Achieving Flexible Capacity with Automation
This high-mix, low-volume manufacturer embarked on a year and a half program to introduce robotics to its manufacturing process.
It all started when Phil Allor, President of Selflube, a Michigan-based mold component supplier, returned from NPE 2018. On the flight back, he sketched out a plan—logically but not practically—to add automation into his operation. Allor then met with several robot integrators, and all of them turned him down flat, saying it is not doable. So, he set out to do it himself.
"We found that this was mainly a software problem. Conventionally, to do one part number in a robot cell requires one CNC program and one robot program. But we intended to have a robot cell capable of doing about 2,000 part numbers with many part number changes during the day. That potentially meant that we would need 2,000 CNC programs and 2,000 robot programs. Creating and maintaining all these programs would have been undoable. In that sense, the robot integrators were right. But to us, not doable meant that we had to find another way," Allor explains.
“The robot cell gives us something that we never had before, variably capacity.”
SelfLube already had a parametric system that creates all of its CNC programs. This could be modified to create robot-enabled CNC programs. This got the company halfway there. For the robot program, Allor rejected the idea of 2,000 different programs. Instead, he envisioned having a single and likely very complicated robot program that would mimic its parametric system. SelfLube had a lot of experience with CNC software and computer software but none with robot software. Allor expected that there would be some similarities, so they would not be starting from ground zero on this. So, to find out what he didn't know, Allor signed up for a robot programming course. He was the oldest one in the class.
Fast-forward from there, the team identified ten known problems that were potential showstoppers. These had to have acceptable solutions before any significant financial commitment could be made. One by one, these were addressed, and solutions were found. The team also assumed that there was an equal number of unknown problems that were also potential showstoppers. Here there was a risk. Financial commitments would have to be made before they became known. But with demonstrated success with the known problems, the team believed that the unknown problems represented a manageable risk.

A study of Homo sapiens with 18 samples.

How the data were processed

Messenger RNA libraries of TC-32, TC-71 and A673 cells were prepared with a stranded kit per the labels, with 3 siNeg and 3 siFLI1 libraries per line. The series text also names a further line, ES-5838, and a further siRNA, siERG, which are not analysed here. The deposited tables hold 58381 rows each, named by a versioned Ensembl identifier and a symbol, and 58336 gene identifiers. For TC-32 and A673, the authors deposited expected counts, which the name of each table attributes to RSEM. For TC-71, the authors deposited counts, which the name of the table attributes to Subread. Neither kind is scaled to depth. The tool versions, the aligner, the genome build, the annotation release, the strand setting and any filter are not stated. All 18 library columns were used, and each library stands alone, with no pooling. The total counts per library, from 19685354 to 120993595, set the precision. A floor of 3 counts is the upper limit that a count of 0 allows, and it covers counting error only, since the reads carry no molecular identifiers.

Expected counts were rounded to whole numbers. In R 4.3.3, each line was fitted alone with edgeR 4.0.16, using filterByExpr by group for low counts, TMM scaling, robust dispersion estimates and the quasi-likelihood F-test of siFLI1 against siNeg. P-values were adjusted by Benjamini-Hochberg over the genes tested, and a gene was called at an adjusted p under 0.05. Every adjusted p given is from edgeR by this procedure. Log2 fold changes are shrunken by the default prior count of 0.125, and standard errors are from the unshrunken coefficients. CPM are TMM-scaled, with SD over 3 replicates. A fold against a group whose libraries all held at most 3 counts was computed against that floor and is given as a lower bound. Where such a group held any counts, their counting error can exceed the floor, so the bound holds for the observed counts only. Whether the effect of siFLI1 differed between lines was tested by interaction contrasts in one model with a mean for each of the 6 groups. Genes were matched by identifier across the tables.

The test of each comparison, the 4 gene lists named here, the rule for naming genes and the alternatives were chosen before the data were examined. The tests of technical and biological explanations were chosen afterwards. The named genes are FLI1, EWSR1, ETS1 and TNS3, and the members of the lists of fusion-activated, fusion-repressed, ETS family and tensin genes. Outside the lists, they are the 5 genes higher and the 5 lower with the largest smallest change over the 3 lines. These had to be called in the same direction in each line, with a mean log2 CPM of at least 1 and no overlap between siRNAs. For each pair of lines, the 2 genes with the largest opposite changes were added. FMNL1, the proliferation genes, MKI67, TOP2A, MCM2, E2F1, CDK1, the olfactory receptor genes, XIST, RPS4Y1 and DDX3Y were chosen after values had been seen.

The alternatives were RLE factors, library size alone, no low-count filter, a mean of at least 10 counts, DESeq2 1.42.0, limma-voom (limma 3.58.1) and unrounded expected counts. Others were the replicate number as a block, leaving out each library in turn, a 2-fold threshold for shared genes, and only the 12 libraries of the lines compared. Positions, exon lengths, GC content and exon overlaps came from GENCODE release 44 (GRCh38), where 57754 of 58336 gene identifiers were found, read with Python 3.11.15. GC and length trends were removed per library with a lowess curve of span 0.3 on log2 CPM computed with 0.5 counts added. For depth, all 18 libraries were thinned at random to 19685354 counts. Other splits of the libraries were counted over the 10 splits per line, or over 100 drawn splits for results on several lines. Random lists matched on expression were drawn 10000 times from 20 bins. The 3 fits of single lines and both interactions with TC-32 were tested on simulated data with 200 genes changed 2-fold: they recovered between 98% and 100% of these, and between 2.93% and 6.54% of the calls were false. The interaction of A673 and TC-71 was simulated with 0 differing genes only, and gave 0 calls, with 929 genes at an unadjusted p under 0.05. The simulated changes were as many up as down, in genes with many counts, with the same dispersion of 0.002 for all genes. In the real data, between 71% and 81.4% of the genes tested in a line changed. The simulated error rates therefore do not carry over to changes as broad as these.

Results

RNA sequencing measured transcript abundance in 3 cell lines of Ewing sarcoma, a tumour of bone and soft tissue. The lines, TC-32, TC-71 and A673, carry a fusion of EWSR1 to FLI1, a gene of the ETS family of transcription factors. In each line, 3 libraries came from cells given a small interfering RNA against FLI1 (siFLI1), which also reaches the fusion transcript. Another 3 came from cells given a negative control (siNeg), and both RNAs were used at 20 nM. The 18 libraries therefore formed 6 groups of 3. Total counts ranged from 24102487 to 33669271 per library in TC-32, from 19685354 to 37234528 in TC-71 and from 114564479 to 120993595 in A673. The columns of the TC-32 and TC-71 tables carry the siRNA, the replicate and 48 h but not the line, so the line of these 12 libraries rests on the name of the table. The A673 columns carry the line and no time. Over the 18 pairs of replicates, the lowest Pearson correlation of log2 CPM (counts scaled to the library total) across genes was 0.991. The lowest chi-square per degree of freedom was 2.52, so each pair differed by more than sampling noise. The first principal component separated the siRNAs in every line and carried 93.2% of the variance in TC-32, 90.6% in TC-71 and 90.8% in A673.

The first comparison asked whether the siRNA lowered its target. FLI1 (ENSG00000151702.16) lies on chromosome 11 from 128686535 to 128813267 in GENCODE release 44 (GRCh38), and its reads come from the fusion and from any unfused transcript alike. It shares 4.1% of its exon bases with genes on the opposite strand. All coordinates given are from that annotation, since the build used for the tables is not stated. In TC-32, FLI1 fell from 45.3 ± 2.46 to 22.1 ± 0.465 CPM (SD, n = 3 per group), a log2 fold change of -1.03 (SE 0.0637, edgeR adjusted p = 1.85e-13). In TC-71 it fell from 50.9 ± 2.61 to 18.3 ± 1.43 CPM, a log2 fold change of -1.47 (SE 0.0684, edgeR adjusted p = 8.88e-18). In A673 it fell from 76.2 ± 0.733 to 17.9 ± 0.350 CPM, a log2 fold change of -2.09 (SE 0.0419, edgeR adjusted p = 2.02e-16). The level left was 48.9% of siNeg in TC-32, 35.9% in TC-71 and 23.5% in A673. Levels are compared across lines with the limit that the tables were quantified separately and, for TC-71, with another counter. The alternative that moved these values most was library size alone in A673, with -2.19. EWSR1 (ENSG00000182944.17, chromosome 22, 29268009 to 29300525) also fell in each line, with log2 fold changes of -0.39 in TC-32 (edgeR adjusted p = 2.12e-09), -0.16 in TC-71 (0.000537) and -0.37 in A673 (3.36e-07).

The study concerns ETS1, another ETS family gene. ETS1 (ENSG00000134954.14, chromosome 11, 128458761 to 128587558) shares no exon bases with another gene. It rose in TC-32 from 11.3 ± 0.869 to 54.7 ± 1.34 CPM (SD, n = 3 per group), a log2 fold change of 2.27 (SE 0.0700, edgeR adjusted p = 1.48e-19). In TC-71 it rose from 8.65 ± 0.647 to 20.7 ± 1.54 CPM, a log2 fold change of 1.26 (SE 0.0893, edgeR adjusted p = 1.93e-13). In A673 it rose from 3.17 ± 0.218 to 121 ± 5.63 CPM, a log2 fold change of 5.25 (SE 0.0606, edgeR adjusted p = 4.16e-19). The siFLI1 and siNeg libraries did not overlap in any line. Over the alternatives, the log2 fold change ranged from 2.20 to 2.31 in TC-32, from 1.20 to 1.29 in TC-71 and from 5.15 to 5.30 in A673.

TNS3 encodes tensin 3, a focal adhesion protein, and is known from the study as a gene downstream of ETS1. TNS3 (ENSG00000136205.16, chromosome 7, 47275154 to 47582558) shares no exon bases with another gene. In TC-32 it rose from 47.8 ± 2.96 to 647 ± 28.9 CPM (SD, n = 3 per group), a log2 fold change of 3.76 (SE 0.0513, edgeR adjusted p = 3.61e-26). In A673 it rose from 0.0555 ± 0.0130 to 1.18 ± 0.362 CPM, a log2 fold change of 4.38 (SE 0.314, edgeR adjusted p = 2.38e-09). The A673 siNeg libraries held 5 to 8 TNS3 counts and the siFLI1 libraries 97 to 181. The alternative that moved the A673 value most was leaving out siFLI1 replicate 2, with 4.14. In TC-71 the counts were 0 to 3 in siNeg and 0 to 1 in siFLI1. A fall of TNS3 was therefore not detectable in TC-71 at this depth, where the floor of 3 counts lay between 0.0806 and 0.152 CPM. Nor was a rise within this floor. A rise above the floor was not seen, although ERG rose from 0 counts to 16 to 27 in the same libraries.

One significant thing that came up that wasn't fully appreciated early on was setting up a production run of multiple parts numbers. With a single part number, not much is required. But, with multiple part numbers that are changed to on the fly, things get complicated. The team ended up creating a mini-shop floor control system to address this. One of the critical features of this system was minimal data entry by the operator. In the finished product, essential scheduling tasks are done solely with clicks. This greatly reduces errors and increases operator productivity.
"SelfLube's business is highly cyclical. At times we're swamped and turning away customers at other times we're not. Staffing up and staffing down is not a good option because quality and productivity tend to suffer. Overtime works, but it has its limits. The robot cell gives us something that we never had before, variably capacity. When business is soft, it can sit idle with no complaints. When we're busy, it will cheerfully work lights out a second shift. There is a video feed that can be checked from time to time from an offsite location. If there is a problem, the system can send a text to a designated operator. This thing easily replicates, so we will add cells as the need arises," Allor says.